I have read a few things lately by trans women who are I suppose a generation younger than me (I don’t say that to imply any ageist shit, but rather to say that time has surely passed a fair bit for me). Some were public essays1, and some were just Facebook updates, but they resonated with such a common frustration at the biases they faced as trans women. I was really moved by how honest they were with their pain and disappointment at queer communities they’d hoped would be better. It struck in me a sadness I’d grown so used to I’d nearly forgotten it, and I didn’t know how to respond. It all read so true.
Often over the years I have tried to convince myself that my many challenges with living a trans life in a cis world were just the inevitable scars of having faced so much resistance to making queer space for myself. Still, they felt like important scars, reminders of space I’d made, we’d made, so many of us, and that maybe we’d made some more room for those who would come after us. Now, I’m not sure much has changed, and I’m not sure how much space we actually made. And I’m wondering a little bit what some of those scars were for.
Lately I have wanted to write so badly something that spoke to this deep alienation, not just for myself – and there is a great deal of personal catharsis to writing this out, mind you – but to add another voice, not to Trans Woman as a monolithic idea, but as a reminder that we are a diversity of women (I know such an array of amazing trans women, but it is a function of transmisogyny that we are nonetheless so often reduced to the singular). We are a diversity of women who nonetheless face a common experience of discrimination. It is perhaps the most tragic part of this system of oppression that we must expend so much of our time responding to it, and those hours are lost forever to generations of writers, artists, musicians, everyone.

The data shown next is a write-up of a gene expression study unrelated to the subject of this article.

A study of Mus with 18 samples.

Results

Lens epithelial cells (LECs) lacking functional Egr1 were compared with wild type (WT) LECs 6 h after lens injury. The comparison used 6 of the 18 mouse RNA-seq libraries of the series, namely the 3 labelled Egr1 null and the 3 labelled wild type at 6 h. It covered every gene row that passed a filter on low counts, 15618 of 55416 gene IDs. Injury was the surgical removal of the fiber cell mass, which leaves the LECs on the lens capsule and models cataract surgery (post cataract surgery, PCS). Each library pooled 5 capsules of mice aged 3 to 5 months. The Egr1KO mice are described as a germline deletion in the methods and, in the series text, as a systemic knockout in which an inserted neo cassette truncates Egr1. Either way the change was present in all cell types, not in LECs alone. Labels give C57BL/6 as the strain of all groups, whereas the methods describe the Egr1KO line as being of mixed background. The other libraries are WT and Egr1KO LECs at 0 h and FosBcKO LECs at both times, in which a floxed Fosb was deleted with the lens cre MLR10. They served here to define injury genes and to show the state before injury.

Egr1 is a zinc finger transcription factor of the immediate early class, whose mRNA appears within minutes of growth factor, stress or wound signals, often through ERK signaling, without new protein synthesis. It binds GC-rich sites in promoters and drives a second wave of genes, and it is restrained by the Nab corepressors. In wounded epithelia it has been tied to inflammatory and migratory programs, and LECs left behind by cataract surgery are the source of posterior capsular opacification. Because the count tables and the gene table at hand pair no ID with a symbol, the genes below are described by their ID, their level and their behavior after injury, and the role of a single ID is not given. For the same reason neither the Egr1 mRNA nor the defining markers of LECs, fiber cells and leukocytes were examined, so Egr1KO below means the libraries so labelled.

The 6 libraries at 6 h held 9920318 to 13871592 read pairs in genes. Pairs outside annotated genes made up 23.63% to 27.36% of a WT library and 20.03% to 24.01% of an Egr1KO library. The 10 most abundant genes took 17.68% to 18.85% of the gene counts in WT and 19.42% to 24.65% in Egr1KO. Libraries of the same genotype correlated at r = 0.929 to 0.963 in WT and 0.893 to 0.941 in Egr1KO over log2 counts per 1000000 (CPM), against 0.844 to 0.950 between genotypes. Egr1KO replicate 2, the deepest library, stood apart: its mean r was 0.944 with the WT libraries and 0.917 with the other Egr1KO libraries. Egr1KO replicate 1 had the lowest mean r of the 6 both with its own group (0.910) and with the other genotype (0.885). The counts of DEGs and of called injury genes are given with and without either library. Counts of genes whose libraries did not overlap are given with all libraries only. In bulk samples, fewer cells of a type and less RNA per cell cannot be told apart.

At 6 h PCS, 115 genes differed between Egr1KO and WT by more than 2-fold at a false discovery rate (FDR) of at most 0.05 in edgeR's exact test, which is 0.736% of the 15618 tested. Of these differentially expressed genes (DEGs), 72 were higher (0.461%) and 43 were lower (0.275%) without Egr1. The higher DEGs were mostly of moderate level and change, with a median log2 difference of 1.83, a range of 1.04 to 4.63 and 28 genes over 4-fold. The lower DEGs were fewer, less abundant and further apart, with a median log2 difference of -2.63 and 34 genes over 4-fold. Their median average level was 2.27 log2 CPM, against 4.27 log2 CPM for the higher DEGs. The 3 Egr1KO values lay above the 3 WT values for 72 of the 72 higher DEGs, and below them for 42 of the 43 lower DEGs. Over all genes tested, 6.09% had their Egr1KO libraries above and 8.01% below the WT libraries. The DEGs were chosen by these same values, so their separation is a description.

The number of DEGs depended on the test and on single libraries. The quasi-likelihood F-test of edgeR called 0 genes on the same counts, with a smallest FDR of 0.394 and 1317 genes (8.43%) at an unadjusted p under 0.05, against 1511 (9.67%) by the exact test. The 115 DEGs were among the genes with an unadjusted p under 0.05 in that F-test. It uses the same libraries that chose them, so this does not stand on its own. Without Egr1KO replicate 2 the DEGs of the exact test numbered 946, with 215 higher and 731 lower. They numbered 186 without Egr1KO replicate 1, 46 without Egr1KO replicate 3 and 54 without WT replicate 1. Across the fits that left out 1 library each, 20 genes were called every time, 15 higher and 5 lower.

I commented on one blog that the piece read a lot like something I might have written ten years ago, and that is such a frustrating realization. I was talking tonight with some friends about that frustration, about having said these things again and again, and now not knowing what new there is to say. One friend said she’d been reading zines from ten to fifteen years ago, and they were talking in radical communities then about the same things we’re talking about today: racism, transphobia, sexual assault in communities, ableism, and so much else. I don’t know how to feel about that; perhaps things are getting better, but slowly? Still, it makes me think we need new tactics, new responses, or maybe just new conversations.
I think we can do better than to gauge our progress by decades.
1Such as Morgan Page’s “Just Call Me Hunter,” which if you haven’t read yet you really should.